Interim orders and multiple referrals

Reference: INT-4

Last Updated 02/10/2023

Reviewed every six months unless new evidence available


We will normally list interim order review hearings for a virtual hearing, but we will always consider requests from the nurse, midwife or nursing associate for the hearing to be held physically at a hearings centre. We’ll expect such requests to be supported by clear reasons for the request. We’ll be guided by the principle of fairness and will do what we can to ensure that people can engage effectively in the hearing. Before we hold a case virtually, we’ll check to find out if participants have the right technology to participate effectively and are able to use it.

Interim orders at final hearings 


Duration of orders


Generally, we apply for interim orders lasting for the maximum period of 18 months. This makes sure that the length of each order adequately covers a case until it reaches a conclusion. This minimises the need for applications to the High Court for interim order extensions. As noted above, if a change of circumstances occurs meaning that an interim order is no longer appropriate, the professional can always apply for an interim order review hearing and ask for the interim order to be lifted.

Interim order extension applications to the courts 


When a final hearing is not due to conclude before the expiry of the interim order, we will apply to the appropriate court for an extension. We would not apply for an extension where new information suggests that the allegation may no longer result in a finding of current impairment. Instead, we would list the matter for an early review hearing before a panel of the Investigating Committee or Fitness to Practise Committee. If the panel decides the interim order should be revoked, the matter will not be referred to the court.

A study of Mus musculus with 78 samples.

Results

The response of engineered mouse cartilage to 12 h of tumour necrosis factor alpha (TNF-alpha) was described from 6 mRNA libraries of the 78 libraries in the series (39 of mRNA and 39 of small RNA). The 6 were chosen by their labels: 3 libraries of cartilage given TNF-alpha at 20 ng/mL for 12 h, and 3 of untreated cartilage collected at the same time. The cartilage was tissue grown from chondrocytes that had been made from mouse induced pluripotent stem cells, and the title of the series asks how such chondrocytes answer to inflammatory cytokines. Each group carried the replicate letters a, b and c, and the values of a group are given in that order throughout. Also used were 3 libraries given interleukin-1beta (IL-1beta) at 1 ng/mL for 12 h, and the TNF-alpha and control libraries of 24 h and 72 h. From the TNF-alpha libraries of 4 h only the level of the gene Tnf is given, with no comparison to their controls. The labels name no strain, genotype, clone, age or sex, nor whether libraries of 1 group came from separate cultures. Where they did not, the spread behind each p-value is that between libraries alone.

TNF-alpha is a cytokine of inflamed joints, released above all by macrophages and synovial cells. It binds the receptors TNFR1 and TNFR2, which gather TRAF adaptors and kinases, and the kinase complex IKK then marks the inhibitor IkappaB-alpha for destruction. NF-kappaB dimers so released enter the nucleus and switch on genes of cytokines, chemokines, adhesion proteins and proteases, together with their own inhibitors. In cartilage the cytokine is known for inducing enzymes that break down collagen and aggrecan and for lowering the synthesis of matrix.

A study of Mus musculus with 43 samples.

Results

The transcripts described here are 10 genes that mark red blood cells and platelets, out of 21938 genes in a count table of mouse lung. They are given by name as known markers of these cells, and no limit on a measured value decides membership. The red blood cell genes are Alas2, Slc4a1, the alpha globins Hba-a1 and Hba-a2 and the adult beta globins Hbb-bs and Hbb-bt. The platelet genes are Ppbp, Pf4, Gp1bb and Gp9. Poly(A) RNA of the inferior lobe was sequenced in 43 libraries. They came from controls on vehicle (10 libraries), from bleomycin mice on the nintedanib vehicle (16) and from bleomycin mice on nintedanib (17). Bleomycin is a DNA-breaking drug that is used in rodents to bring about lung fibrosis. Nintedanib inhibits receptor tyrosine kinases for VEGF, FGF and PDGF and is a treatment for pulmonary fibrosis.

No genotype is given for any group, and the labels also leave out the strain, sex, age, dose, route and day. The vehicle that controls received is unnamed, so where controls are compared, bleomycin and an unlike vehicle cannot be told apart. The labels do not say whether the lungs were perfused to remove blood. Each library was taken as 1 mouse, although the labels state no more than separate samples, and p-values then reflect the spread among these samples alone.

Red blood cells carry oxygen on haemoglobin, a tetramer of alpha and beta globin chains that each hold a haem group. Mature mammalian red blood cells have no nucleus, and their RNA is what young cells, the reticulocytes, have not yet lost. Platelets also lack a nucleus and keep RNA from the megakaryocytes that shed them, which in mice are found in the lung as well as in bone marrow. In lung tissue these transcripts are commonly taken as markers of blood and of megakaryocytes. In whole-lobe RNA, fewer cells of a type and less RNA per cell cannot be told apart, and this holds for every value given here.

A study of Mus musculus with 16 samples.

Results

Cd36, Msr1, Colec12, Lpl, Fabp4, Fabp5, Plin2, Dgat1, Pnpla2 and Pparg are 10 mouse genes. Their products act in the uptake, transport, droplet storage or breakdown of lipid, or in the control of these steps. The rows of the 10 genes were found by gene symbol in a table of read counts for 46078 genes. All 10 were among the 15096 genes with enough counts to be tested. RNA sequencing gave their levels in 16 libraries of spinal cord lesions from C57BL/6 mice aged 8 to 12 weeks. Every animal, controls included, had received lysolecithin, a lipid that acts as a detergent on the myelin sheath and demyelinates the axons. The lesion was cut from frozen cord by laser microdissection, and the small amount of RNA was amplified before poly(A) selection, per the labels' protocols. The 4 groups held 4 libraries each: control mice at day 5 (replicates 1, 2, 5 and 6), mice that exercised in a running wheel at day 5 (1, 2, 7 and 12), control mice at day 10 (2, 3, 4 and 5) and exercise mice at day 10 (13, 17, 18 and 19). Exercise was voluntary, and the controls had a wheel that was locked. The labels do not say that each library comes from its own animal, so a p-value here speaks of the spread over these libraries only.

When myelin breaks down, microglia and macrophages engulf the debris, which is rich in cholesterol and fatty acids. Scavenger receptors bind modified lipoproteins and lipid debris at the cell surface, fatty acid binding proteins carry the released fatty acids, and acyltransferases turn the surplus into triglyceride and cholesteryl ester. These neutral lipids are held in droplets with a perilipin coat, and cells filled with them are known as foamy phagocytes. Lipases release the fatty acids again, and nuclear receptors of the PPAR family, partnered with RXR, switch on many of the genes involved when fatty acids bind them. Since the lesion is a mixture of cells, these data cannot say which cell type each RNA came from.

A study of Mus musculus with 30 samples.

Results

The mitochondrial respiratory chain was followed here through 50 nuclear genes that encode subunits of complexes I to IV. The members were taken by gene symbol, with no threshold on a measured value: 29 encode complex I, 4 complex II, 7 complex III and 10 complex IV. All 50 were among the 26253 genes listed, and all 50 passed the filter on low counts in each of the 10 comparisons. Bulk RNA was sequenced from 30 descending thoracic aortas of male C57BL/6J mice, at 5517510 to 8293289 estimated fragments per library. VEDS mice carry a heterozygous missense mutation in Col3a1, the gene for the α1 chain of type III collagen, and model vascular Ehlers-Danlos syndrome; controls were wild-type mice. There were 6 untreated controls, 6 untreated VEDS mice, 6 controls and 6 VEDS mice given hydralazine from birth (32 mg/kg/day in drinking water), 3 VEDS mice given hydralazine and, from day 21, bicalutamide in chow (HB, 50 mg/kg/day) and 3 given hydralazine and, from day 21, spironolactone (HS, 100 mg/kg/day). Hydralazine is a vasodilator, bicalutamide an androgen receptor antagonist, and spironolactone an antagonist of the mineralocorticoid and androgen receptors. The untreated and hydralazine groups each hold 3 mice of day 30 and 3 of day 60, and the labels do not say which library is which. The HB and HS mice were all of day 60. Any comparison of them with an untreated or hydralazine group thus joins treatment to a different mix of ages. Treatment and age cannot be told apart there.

Multiple referrals


If further concerns are raised in relation to a nurse, midwife or nursing associate who is already on an interim order, a panel will nearly always need to review that order at a review hearing and consider the new concerns. This is because interim orders restrict or suspend a nurse, midwife or nursing associate’s registration in relation to all their practice and not just the concerns from the initial referral. Any new concerns or evidence will normally always be relevant to the order already in place.1

There can only ever be one interim order in place at a time, so it’s important that a panel is aware of all the relevant concerns relating to a nurse, midwife or nursing associate’s practice when reviewing an interim order. This is so that it can make a proper assessment of the risk of harm (whether to the public, the reputation of the profession or the nurse, midwife or nursing associate themselves), and if necessary, impose a more restrictive interim order than the one already in place.

In cases where an interim order is in place and covers more than one referral, the order doesn’t automatically end once the initial, or any of the other referrals, has been dealt with. Being ‘dealt with’ could be that that the nurse, midwife or nursing associate has agreed undertakings with the case examiners, the case examiners have found ‘no case to answer’ in relation to one of the referrals, or that a panel of the Fitness to Practise Committee has made a final decision in the case.2 The order will still be in place, but we list a review hearing as soon as possible so that a panel can assess the risk of harm following one of the cases being concluded. A panel will consider whether there needs to be a more restrictive order, no change to the order, a less restrictive order, or no order at all.

Disclosure of interim orders 


[1] Article 31(6)(b) of the Order requires the panel reviewing an existing order to take account of the new concerns as part of new evidence relevant to the order.

[2] For example, rule 6E(2)(c) of the Rules states that once undertakings have been agreed, any interim order in place ceases to have effect. This will require a panel to carry out a review hearing, taking into account that the order no longer has effect in respect of the concerns that led to undertakings being agreed, but it does not mean that an interim order also covering concerns in different cases about the same nurse, midwife or nursing associate, will automatically come to an end. This is because the order would not automatically come to an end if case was dealt with through any of the other possible methods identified above.